Canadian Researcher Invents New Solar Cell
Author: Astrid Poei
Researchers at the University of Toronto have invented a flexible plastic solar cell that is said to be five times more efficient than current methods in converting energy from the sun into electrical energy.
Team leader Ted Sargent, a professor of electrical and computer engineering at the university, said the cell harnesses infrared light from the sun and can form a flexible film on the surface of cloth, paper or other materials.
And the film can turn 30 percent of the sun's power into usable electrical energy -- a far better performance than the 6 percent gleaned from the best plastic solar cells now in use.
"The fact that these materials harness the sun's energy using flexible materials potentially could allow you to weave the plastics into fibers, sort of the way we have synthetic fibers already, and to weave those into clothing and make something that's a wearable solar cell," Sargent said from Boston, where he is working until the summer.
"That's sort of portable electricity."
Sargent said the coating could be woven into a shirt or sweater and used to charge an item like a cellphone.
"We expect that our cellphones or our e-mail can go anywhere with us, but we don't have that expectation of a continuous supply of power. The best that we have is batteries, which run out," he said.
"So if we could have a wireless source of power like how the sun would provide, this would be pretty exciting."
Research about the new cell was published in the Sunday online edition of the scientific journal Nature Materials, and Sargent said he was now looking for investors who could turn the invention into a commercially viable product.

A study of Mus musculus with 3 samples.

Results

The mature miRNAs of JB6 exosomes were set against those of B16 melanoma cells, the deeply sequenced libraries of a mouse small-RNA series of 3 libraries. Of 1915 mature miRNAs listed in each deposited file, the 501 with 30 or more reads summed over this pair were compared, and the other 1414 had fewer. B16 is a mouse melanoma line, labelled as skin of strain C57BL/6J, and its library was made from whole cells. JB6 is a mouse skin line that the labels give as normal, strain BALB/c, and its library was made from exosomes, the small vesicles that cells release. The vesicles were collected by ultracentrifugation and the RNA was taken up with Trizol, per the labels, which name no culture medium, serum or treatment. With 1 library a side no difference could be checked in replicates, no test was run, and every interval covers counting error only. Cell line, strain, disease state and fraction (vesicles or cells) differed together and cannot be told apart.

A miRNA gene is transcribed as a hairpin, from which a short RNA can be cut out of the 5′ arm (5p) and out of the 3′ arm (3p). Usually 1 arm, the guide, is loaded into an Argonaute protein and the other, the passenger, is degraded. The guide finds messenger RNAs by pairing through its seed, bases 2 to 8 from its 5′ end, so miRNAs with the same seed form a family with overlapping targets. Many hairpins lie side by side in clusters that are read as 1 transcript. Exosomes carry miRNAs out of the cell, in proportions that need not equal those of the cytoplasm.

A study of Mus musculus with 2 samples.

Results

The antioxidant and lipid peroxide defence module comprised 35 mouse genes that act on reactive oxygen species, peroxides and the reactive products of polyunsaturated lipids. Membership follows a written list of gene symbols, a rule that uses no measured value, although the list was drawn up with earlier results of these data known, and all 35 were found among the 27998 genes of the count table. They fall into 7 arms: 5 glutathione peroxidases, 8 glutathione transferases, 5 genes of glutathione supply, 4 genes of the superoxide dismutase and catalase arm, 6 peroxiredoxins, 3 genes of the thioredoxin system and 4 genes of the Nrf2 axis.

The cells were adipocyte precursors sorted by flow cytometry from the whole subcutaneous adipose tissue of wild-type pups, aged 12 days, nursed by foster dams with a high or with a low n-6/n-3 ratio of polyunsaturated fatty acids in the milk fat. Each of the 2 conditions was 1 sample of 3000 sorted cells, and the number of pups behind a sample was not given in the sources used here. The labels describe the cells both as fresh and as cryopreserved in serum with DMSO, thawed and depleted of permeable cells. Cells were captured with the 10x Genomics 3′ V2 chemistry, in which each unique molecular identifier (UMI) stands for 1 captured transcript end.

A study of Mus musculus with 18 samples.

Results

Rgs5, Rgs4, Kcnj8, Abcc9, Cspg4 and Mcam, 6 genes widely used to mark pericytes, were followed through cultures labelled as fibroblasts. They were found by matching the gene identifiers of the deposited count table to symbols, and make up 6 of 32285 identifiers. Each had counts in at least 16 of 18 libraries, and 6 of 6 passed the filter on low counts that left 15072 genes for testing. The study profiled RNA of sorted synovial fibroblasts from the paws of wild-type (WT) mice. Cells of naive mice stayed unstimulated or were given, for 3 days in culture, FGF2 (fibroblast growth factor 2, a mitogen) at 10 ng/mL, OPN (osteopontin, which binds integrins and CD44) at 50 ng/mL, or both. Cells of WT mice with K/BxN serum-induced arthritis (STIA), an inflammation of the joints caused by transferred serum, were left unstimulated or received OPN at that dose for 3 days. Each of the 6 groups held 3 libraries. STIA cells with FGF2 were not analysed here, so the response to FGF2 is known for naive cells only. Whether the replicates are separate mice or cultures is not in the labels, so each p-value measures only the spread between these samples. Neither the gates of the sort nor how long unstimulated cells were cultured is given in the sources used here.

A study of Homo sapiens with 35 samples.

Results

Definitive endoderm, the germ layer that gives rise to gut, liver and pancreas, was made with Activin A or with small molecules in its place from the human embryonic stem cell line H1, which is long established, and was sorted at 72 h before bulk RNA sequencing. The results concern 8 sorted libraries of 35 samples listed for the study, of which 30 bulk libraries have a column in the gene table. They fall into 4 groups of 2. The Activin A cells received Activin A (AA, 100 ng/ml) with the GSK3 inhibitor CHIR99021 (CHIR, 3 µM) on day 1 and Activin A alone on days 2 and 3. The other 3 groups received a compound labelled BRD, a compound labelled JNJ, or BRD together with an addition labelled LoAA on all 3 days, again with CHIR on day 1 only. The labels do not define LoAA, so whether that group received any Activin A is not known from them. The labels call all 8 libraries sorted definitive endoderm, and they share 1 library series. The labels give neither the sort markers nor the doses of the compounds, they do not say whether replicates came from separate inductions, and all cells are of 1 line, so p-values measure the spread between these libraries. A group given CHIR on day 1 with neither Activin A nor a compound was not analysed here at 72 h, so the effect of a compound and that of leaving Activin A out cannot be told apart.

Terry White, president of the Solar Energy Society of Canada said solar cells on these lines could transform the industry.
"If they make (solar cells) both less expensive and the potential applications more varied, then it's a major breakthrough," he said.
Sargent said the technology could be available to the average consumer within five to ten years. But it already has Wall Street venture capitalists interested.
"The technology really caught my eye both in the scientific literature and the business prospects," said Josh Wolfe, managing partner at Lux Capital in Manhattan, a venture capital firm that makes an estimated $1- to $2-million US investment per project in early stage nanotechnology.
"So the concept of having rollable newspaper displays or other things that could power your laptop or portable devices or create new products that are best left to the creativity of the engineers, to me, it represents a pretty sea-change."
So what happens if the sun doesn't shine?
"There is obviously no power in the visible (light)," said Sargent. "But in the infrared, it's not completely zero power. It doesn't have to be as hot as the sun, but everything that's warm, gives off some heat. Even people and animals give off heat. So there actually is some power remaining in the infrared even when it appears to us to be dark outside."